Information on a Seller's Disclosure Form
Once you have found a home you wish to purchase, seller's are usually required to present to you a Seller's Disclosure report. This form details any and all physical problems with the property that the seller is aware of and should include any past issues since taken care of such as a roof leak or septic issues. This tells the buyer if the house is basically a lemon and whether they want to proceed with the transaction or not.
It is technically illegal for sellers not to disclose something about the house that they are aware of. It is usually no crime if the seller doesn't report a problem on the form simply because the seller wasn't aware of it.
Besides the disclosure, the seller must also give the buyer a federally-approved pamphlet about lead hazards in building materials. As your Ruidoso real estate agent, we have these pamphlet's available at any time. The Seller's Disclosure will list any lead paint or other lead items that the seller is aware of. If it is a home built before 1978 there very well may be lead paint under several layers of paint that the current seller just doesn't know about. These are things to consider and not punish the seller for issues occurring before the current seller took possession.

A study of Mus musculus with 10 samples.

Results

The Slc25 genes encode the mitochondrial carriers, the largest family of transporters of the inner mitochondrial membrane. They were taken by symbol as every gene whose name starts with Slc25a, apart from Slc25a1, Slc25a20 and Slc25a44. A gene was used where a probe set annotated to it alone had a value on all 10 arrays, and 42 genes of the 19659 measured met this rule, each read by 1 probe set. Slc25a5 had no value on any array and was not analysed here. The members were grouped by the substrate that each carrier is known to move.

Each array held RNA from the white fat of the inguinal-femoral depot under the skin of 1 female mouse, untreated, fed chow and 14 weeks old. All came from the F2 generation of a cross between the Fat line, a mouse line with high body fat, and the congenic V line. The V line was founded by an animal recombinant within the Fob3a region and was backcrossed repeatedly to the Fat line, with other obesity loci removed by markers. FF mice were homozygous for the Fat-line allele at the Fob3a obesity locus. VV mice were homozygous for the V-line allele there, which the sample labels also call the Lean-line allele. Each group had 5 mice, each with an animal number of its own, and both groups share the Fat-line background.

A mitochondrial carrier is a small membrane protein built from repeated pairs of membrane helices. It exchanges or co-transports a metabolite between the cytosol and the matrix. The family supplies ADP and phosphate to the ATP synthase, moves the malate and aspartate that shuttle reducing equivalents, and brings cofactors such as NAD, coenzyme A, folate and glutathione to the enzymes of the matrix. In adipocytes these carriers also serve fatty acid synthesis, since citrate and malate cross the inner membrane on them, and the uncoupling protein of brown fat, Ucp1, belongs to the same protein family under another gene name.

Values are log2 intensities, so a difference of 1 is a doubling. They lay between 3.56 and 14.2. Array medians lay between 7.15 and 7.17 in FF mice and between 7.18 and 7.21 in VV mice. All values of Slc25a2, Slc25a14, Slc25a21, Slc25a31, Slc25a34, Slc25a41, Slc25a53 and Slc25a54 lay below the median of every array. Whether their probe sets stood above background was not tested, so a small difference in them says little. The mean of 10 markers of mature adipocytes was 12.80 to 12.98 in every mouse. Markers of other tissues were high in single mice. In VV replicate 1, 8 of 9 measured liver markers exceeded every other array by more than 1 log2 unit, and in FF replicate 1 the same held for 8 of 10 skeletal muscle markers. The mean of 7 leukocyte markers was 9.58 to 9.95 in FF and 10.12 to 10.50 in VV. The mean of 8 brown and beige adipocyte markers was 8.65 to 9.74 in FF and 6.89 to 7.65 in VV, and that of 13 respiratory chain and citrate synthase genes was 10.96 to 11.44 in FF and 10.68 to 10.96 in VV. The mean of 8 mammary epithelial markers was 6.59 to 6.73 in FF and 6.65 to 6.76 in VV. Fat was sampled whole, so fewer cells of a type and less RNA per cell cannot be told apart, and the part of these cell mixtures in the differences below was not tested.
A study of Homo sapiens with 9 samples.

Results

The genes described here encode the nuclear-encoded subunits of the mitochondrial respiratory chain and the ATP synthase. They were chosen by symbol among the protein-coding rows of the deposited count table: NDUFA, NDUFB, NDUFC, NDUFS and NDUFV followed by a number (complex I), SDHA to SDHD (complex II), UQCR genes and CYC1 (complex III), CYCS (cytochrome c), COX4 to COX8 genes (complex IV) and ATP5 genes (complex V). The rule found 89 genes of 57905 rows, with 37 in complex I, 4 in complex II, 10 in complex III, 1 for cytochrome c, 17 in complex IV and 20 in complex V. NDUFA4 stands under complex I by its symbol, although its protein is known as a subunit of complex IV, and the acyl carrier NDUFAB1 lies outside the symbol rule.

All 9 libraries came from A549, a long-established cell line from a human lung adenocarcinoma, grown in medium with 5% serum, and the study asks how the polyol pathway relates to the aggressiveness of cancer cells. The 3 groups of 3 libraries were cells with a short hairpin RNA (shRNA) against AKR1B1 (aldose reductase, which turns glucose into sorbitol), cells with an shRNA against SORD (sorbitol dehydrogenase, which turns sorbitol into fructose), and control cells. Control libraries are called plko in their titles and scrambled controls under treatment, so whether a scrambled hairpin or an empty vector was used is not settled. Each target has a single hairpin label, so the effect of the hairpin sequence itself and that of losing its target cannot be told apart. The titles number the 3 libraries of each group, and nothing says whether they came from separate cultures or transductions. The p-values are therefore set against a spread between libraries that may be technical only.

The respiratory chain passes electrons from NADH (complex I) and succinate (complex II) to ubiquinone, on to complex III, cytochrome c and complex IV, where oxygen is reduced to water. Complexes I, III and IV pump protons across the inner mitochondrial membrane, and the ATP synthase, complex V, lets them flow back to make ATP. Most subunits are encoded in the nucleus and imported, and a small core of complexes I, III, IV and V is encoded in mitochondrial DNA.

After viewing the Seller's Disclosure, the buyer has a right to terminate the transaction or negotiate terms in lieu of those discoveries. The buyer can ask the seller to fix current issues or lower the price of the home to compensate for the repairs needed.
Even though the Seller's Disclosure provides some details on the home while the seller was in possession of it, it doesn't count for all the issues the seller is unaware of. If you buy the house and discover a problem, how can you tell whether the owner knew about it? And even if you're sure the owner knew about it and neglected to put it on the disclosure, could you prove so in court? And if you think your case is strong and you could prove so, would you be willing to actually file a lawsuit, and would you have the money to do so? The moral here is that while the disclosure gives you some protection, don't make the mistake of thinking that it provides you with 100% protection against undisclosed problems with the house.
For better information about problems with the house, you'll hire a professional inspector to check out the house and provide you with a detailed, written report about any problems they find. If you think the price is too high given any problems listed on the disclosure, or if the seller won't make repairs and you're unwilling to do them yourself, then the whole process will begin with another property. Even though the seller's disclosure is a good way to learn more about the property, don't let it scare you off if you feel the home is still sound enough for you to buy. Check with an inspector and get a good feel for the home before continuing.